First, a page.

Using a device called Robo-Glove, auto workers may soon have an easier way to hold and squeeze objects on the assembly line.
Designed by engineers at General Motors, the glove uses a combination of actuators, sensors, and synthetic tendons to mimic the operation of a human hand while adding a measure of functional force. In addition to being employed in manufacturing, GM engineers say they foresee its use in a multitude of applications, from household repairs to complex humanoid robot operations.
GM's Robo-Glove incorporates four tiny servo motors, four gearheads, and four ball screws, along with a lithium-ion battery, in a package worn on the forearm. The motors apply force
through synthetic tendons attached to the fingers.
"We're looking at any type of task that requires grasping of some sort," Marty Linn, principal engineer of robotics at GM, told us. "Imagine a firefighter holding on to an icy hose during winter. This glove is for repetitive grasping or endurance-holding of an object."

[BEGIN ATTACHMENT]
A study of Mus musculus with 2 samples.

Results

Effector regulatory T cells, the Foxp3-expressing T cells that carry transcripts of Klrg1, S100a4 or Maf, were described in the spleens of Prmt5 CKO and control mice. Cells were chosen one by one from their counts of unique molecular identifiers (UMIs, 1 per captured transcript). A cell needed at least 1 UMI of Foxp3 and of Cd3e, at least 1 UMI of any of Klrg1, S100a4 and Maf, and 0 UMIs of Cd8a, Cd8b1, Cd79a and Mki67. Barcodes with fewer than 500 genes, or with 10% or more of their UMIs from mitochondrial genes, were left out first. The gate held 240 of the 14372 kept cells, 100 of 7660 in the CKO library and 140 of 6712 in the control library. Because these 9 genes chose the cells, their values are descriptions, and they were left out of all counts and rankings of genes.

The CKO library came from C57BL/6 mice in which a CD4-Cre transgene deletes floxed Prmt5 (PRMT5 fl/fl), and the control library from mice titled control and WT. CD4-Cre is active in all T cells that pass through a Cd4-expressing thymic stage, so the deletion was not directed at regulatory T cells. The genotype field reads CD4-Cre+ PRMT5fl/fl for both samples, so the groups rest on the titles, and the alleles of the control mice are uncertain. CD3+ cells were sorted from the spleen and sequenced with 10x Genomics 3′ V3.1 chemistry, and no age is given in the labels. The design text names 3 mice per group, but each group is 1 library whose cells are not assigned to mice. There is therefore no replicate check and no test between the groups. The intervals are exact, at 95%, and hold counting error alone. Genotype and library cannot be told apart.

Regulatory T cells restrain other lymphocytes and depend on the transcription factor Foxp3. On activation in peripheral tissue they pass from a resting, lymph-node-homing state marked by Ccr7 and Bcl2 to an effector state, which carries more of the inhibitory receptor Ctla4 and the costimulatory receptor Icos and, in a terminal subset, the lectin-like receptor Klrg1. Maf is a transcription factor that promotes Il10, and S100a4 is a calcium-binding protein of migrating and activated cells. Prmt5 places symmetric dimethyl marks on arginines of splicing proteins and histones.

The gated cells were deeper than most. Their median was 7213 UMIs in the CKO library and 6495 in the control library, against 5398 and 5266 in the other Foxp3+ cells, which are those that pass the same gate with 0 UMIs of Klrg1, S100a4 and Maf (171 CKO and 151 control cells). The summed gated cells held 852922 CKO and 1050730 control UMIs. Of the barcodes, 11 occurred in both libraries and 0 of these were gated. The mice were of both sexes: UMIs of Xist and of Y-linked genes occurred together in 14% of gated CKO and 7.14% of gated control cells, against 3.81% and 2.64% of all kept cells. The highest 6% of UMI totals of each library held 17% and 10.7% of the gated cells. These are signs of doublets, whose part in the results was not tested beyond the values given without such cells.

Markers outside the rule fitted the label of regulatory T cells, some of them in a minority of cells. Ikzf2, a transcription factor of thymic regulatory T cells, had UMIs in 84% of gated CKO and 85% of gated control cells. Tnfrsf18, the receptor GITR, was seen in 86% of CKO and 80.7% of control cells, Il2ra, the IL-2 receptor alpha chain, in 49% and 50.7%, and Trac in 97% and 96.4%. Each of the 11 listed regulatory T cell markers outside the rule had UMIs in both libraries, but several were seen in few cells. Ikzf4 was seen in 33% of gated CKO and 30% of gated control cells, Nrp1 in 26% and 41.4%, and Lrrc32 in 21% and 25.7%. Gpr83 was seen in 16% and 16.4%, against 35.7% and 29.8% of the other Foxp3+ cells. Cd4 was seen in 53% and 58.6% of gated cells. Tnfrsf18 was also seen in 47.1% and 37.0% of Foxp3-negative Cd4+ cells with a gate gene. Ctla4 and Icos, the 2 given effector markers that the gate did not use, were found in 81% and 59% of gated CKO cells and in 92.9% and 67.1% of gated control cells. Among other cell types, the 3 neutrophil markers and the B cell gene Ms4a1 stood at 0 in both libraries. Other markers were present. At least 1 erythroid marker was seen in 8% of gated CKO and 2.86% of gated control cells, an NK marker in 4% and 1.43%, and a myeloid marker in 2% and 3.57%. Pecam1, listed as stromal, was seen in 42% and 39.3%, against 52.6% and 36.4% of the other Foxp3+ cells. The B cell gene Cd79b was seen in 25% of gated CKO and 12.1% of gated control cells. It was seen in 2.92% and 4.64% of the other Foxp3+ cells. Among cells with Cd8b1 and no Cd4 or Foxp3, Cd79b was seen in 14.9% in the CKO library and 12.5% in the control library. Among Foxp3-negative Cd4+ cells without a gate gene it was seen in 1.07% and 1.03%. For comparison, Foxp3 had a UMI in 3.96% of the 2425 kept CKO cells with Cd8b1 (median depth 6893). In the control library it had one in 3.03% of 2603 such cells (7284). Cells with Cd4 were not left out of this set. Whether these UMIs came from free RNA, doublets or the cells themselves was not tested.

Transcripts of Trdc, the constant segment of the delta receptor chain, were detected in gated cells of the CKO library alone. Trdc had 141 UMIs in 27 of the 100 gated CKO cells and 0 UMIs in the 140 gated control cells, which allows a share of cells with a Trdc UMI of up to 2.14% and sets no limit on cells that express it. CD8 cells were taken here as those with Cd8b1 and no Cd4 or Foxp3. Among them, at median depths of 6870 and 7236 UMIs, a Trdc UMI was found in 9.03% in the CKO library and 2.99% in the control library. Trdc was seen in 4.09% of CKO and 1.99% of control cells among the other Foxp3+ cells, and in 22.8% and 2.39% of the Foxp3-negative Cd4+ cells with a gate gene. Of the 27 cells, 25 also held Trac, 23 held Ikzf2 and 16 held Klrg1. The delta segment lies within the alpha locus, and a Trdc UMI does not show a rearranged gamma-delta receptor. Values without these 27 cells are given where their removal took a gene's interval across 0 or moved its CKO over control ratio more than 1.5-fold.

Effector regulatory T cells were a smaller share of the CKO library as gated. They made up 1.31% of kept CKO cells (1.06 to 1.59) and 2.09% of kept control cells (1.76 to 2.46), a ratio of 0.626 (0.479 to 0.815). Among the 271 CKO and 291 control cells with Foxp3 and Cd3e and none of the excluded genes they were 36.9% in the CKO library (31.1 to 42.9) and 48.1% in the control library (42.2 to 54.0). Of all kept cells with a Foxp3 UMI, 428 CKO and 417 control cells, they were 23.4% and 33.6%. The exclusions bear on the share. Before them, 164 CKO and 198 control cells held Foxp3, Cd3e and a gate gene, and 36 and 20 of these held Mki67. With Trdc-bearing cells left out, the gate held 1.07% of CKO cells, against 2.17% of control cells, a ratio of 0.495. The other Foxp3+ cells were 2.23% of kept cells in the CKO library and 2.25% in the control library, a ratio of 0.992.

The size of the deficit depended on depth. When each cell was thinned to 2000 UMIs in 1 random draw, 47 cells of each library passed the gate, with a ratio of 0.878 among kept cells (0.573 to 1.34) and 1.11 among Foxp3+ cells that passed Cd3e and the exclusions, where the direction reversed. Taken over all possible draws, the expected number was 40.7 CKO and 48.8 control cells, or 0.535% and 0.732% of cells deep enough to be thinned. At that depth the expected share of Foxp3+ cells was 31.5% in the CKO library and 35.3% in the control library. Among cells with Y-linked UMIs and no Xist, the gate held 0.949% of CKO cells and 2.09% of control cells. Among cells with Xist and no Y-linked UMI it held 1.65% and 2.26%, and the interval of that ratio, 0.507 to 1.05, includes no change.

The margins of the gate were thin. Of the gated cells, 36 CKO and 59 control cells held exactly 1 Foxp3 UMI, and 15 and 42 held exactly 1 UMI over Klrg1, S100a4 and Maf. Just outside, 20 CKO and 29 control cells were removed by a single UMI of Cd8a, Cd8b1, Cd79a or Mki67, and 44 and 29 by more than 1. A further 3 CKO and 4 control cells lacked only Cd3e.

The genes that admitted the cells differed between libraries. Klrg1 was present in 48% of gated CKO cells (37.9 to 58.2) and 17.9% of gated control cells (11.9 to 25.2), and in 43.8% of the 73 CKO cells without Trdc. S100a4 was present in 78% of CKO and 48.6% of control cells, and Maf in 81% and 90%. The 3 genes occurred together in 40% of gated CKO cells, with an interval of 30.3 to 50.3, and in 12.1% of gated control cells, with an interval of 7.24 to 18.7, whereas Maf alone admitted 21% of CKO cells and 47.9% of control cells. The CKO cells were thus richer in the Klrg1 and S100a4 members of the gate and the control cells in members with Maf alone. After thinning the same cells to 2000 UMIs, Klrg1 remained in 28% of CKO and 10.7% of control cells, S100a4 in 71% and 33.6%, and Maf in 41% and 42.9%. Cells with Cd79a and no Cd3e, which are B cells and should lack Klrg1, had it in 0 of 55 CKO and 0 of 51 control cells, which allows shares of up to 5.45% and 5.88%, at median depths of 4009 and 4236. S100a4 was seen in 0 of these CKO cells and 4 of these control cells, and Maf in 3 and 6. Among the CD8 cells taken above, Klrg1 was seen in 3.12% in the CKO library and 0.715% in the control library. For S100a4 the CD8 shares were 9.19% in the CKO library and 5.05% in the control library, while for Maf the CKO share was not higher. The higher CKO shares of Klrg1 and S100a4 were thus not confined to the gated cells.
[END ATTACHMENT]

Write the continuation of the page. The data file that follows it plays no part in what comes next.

To perform those kinds of functions, the Robo-Glove (also known as the Human Grasp Assist Device or K-Glove) incorporates four tiny servo motors, four gearheads, four ball screws, and a lithium-ion battery in a package worn on the forearm. When a servo motor rotates, the associated ball screw imparts a translating force, which tugs on a "tendon" to move one of the fingers. GM engineers employed a flexible, high-strength fiber called Vectran to mimic the characteristics of a human tendon and give the fingers lifelike qualities.
"The key for us has been to keep the package size small," Linn said. "We wanted to make sure that there's room for all the working elements down near the hand."